Eco-Schools USA is proud to feature NASA educational resources as part of its website, and to utilize NASA data and tools as part of the Eco-Schools USA Climate Change Connections program.
Below are satellites that belong to NASA's Earth Observing Satellite, EOS program. While this list is not inclusive it does house the satellites that were used to write the Eco-Schools USA Climate Change Connections curriculum.
Housed under our Climate Change pathway, the curriculum was developed in partnership with NASA and other outstanding organizations to help educators improve student's understanding of Earth systems science and how our changing climate is affecting those systems.
The Earth Observing System (EOS) is a coordinated series of polar-orbiting and low inclination satellites for long-term global observations of the land surface, biosphere, solid Earth, atmosphere, and oceans. EOS is a major component of the Earth Science Division of NASA's Science Mission Directorate. EOS enables an improved understanding of the Earth as an integrated system. The EOS Project Science Office (EOSPSO) is committed to bringing program information and resources to program scientists and the general public alike.
ICESat (Ice, Cloud, and land Elevation Satellite) is the benchmark Earth Observing System mission for measuring ice sheet mass balance, cloud and aerosol heights, as well as land topography and vegetation characteristics. The ICESat mission will provide multi-year elevation data needed to determine ice sheet mass balance as well as cloud property information, especially for stratospheric clouds common over polar areas. It will also provide topography and vegetation data around the globe, in addition to the polar-specific coverage over the Greenland and Antarctic ice sheets.
NASA’s Operation IceBridge images Earth's polar ice in unprecedented detail to better understand processes that connect the polar regions with the global climate system. IceBridge utilizes a highly specialized fleet of research aircraft and the most sophisticated suite of innovative science instruments ever assembled to characterize annual changes in thickness of sea ice, glaciers, and ice sheets. In addition, IceBridge collects critical data used to predict the response of earth’s polar ice to climate change and resulting sea-level rise. IceBridge also helps bridge the gap in polar observations between NASA's ICESat satellite missions.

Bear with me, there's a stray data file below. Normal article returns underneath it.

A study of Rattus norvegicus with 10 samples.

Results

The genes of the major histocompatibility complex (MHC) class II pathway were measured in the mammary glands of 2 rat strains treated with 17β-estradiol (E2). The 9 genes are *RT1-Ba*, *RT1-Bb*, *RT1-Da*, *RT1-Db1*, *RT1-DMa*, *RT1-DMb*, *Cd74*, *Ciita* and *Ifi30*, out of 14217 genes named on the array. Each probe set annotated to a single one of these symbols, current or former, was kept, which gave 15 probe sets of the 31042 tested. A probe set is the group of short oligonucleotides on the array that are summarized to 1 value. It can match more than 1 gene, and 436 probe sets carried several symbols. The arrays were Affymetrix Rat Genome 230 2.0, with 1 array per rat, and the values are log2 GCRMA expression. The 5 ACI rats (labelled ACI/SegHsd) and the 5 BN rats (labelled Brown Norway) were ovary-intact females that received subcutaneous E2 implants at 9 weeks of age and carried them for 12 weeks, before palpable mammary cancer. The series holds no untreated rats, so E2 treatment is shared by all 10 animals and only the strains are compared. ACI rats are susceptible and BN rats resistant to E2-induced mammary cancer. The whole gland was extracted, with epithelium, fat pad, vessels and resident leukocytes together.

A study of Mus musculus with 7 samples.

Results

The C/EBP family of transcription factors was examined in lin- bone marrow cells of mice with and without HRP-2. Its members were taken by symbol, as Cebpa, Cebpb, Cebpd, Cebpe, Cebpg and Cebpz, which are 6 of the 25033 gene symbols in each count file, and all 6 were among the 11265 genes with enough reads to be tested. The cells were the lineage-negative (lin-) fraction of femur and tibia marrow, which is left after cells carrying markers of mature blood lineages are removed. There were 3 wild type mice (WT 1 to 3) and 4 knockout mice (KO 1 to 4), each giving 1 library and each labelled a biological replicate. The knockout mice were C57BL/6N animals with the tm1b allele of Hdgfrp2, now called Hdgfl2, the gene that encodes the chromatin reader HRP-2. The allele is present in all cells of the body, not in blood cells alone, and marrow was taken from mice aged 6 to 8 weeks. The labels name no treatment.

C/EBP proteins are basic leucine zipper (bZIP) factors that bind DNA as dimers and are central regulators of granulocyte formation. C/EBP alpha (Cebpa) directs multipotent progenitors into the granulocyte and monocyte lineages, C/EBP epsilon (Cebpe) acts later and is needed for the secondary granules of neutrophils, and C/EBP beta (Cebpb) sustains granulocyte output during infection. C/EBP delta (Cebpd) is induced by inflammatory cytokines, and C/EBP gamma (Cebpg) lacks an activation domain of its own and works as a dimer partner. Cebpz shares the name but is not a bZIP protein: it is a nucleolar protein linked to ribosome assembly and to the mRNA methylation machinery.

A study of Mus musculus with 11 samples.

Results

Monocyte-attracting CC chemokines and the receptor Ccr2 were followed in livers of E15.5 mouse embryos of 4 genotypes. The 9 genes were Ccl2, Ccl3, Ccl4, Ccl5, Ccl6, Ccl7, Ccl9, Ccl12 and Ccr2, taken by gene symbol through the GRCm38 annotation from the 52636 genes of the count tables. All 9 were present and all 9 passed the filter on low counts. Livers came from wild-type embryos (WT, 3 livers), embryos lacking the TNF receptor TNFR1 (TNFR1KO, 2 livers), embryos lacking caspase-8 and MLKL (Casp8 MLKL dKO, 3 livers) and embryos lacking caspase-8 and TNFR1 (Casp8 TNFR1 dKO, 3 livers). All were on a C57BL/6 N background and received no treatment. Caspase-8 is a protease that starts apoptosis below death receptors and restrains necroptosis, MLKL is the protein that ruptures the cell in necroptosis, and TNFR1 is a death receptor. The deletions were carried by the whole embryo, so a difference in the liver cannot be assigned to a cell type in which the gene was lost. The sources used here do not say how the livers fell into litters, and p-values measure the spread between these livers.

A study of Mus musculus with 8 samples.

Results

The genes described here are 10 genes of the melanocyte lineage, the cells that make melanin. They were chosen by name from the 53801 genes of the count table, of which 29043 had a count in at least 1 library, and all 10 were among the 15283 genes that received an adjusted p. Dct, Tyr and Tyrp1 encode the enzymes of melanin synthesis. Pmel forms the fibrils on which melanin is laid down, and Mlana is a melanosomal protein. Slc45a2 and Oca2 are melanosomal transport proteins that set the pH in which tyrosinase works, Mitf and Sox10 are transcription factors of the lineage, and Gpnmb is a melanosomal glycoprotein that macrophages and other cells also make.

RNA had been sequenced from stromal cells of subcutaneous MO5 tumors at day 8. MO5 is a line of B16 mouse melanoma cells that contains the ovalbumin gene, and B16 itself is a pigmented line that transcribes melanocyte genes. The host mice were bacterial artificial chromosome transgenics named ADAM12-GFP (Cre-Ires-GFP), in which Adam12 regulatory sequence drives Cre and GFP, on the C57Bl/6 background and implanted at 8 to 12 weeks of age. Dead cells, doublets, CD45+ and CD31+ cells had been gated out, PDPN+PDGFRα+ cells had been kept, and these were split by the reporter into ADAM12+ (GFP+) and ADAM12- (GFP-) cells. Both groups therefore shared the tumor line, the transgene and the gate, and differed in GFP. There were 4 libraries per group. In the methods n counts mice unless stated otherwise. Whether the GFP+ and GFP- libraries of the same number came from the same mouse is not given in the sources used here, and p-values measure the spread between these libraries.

Terra carries five instruments, ASTER, CERES, MISR, MODIS, and MOPITT, which observe Earth's atmosphere, ocean, land, snow and ice, and energy budget. Taken together, these observations provide unique insight into how the Earth system works and how it is changing. Terra observations reveal humanity's impact on the planet and provide crucial data about natural hazards like fire and volcanoes. Terra carries instruments from other countries, the United States, Japan, and Canada!
The Landsat Program is a series of Earth-observing satellite missions jointly managed by NASA and the U.S. Geological Survey. Since 1972, Landsat satellites have collected information about Earth from space. This science, known as remote sensing, has matured with the Landsat Program.
Landsat satellites have taken specialized digital photographs of Earth’s continents and surrounding coastal regions for over three decades, enabling people to study many aspects of our planet and to evaluate the dynamic changes caused by both natural processes and human practices.
The Aura mission studies the Earth's ozone, air quality and climate. It is designed exclusively to conduct research on the composition, chemistry and dynamics of the Earth's atmosphere. Aura's four instruments study the atmosphere's chemistry and dynamics. Aura's measurements will enable us to investigate questions about ozone trends, air quality changes and their linkage to climate change. Aura's measurements will provide accurate data for predictive models and provide useful information for local and national agency decision support systems.
Aqua was the first member launched of a group of satellites termed the Afternoon Constellation, or sometimes the A-Train. Aqua is a major international Earth Science satellite mission centered at NASA. Launched on May 4, 2002, the satellite has six different Earth-observing instruments on board and is named for the large amount of information being obtained about water in the Earth system from its stream of approximately 89 Gigabytes of data a day. The water variables being measured include almost all elements of the water cycle and involve water in its liquid, solid, and vapor forms. Additional variables being measured include radiative energy fluxes, aerosols, vegetation cover on the land, phytoplankton and dissolved organic matter in the oceans, and air, land, and water temperatures.
SMAP will provide global measurements of soil moisture and its freeze/thaw state. These measurements will be used to enhance understanding of processes that link the water, energy and carbon cycles, and to extend the capabilities of weather and climate prediction models. SMAP data will also be used to quantify net carbon flux in boreal landscapes and to develop improved flood prediction and drought monitoring capabilities.